Indie-Pop Albums That Make The Cut Are More Than Mere Collections This week we're looking back at the year in music with a peek at NPR Music's 50 Favorite Albums of 2013. It's the annual list assembled by our in-house experts, including NPR music writer and editor Stephen Thompson. He tells Audie Cornish about his picks in the world of indie pop.




Indie-Pop Albums That Make The Cut Are More Than Mere Collections


STEPHEN THOMPSON, BYLINE: I have absolutely no idea. It used to mean accessible but unpopular.



THOMPSON: But even there - even those lines have gotten blurry.

CORNISH: All right.

THOMPSON: It's rock. It's pop. It's folk. It's engineered to be unpopular and yet it's popular. I don't know what to say.

CORNISH: OK. So would Vampire Weekend count?

THOMPSON: You know, I think so. I think they're definitely on the popular end of that spectrum but also very accessible. Wonderful record.


EZRA KOENIG: (Singing) Back, back, way back, I used to front like Angkor Wat, Mechanicsburg, Anchorage and Dar es Salaam. While home in New York with champagne and disco, tapes from LA, slash San Francisco. But actually...

THOMPSON: You know, I've never been a gigantic fan of Vampire Weekend, but I love this album. The songs have gotten more sophisticated and much more heartwarming and more personal.


KOENIG: (Singing) I'm stronger now. I'm ready for the house, such a modest love. I can't do it alone. I can't do it alone.

CORNISH: We're going to move on to an artist who doesn't fit into any genre, Laura Mvula.

THOMPSON: Yeah. She is terrific. She put out a record this year called "Sing to the Moon."


LAURA MVULA: (Singing) She walked towards you with her head down low. She wondered if there's a way out of the blue.

THOMPSON: It's coming from about five different genres at once. You know, it's very soulful. It could have come from not only any era in music but any place on a map.


CORNISH: That song is called "She" by Laura Mvula. And, you know, it's interesting. It seems like a lot of the albums that made the list were debuts. And one that I noticed was the group Rhye. Tell us about them.

THOMPSON: This is this very interior, quiet, thoughtful record. You know, there are bands that make love songs and there are bands that make sex songs. These are intimacy songs.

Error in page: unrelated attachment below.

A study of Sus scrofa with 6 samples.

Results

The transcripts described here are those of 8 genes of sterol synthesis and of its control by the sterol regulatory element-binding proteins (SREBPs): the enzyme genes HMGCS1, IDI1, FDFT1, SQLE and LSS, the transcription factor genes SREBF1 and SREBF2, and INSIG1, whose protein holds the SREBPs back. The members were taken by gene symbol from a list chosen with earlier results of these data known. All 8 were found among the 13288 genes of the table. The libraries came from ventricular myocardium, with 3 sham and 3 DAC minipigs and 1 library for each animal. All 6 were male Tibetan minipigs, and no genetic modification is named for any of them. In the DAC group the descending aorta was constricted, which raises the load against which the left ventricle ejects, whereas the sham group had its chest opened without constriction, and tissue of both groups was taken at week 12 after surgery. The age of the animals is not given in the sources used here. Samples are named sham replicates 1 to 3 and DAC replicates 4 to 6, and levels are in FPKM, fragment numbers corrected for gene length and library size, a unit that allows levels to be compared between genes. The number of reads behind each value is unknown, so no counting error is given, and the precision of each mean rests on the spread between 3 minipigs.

CORNISH: You call this a sexy-as-hell collection of affectionate love songs.


THOMPSON: That just about sums it up.


MILOSH: (Singing) Ooh, make love to me.

CORNISH: People may not realize that they are listening to a man singing right now.

THOMPSON: Yeah. It's a very androgynous record. You don't see pictures of them. It's designed to be as mysterious as possible and to exist entirely as a sound world.

CORNISH: And the album is called "Woman."

THOMPSON: It's called "Woman."


CORNISH: So that probably adds to some of the mystery or confusion there.

THOMPSON: Exactly.


MILOSH: (Singing) Don't slip away, my dear. Don't run away.

CORNISH: All right. Last but not least, Stephen, an album that - to quote your email to me about this - made the list after you, quote, "tipped over the table and threatened to set yourself on fire."

THOMPSON: That's - now, that should be taken figuratively.

CORNISH: OK. It's Laura Marling's "Once I Was An Eagle."

THOMPSON: Yeah. She's 23 years old. And this is - it opens with this incredible five-song suite. And the whole record has this overarching story about coming out of a failing relationship. And it's just - it's a very bold record. It's not a milquetoast folk-pop record. It's got some gristle to it. It's got some guts.


LAURA MARLING: (Singing) You want a woman because you want to be saved. Well, I tell you that I've got a little lot on my plate. You want a woman who will call your name. It ain't me, babe. No, no, no. It ain't me, babe.

THOMPSON: These records all have unifying theories and unifying ideas behind them. They really adhere to a central idea, a central notion, whether it's an uncompromising sound, whether it's a theme. And I think when you're looking at the best albums of the year, they can be just collections of great songs, but I think these are still albums that hang together as album-length statements.

CORNISH: In an age when we're all just listening to one song at a time, right?

THOMPSON: In an age where we're all just grasping at three minutes here and three minutes there, something that hangs together as a full album-length work is really exciting.

CORNISH: That's NPR's music writer and editor Stephen Thompson. Stephen, thank you.

THOMPSON: Thank you, Audie.

CORNISH: And you can see the full list of the top 50 albums of 2013 at


MARLING: (Singing) They don't have a hope in hell. You see the thing is we are so alone. There's nothing we can share. You can get me on the telephone, but you won't keep me there. No, no, no. You won't keep me there. Take me somewhere I can grow. Give me something. Let me go. Tell me something I don't know. I have some news. I have some news.

CORNISH: You're listening to ALL THINGS CONSIDERED from NPR News.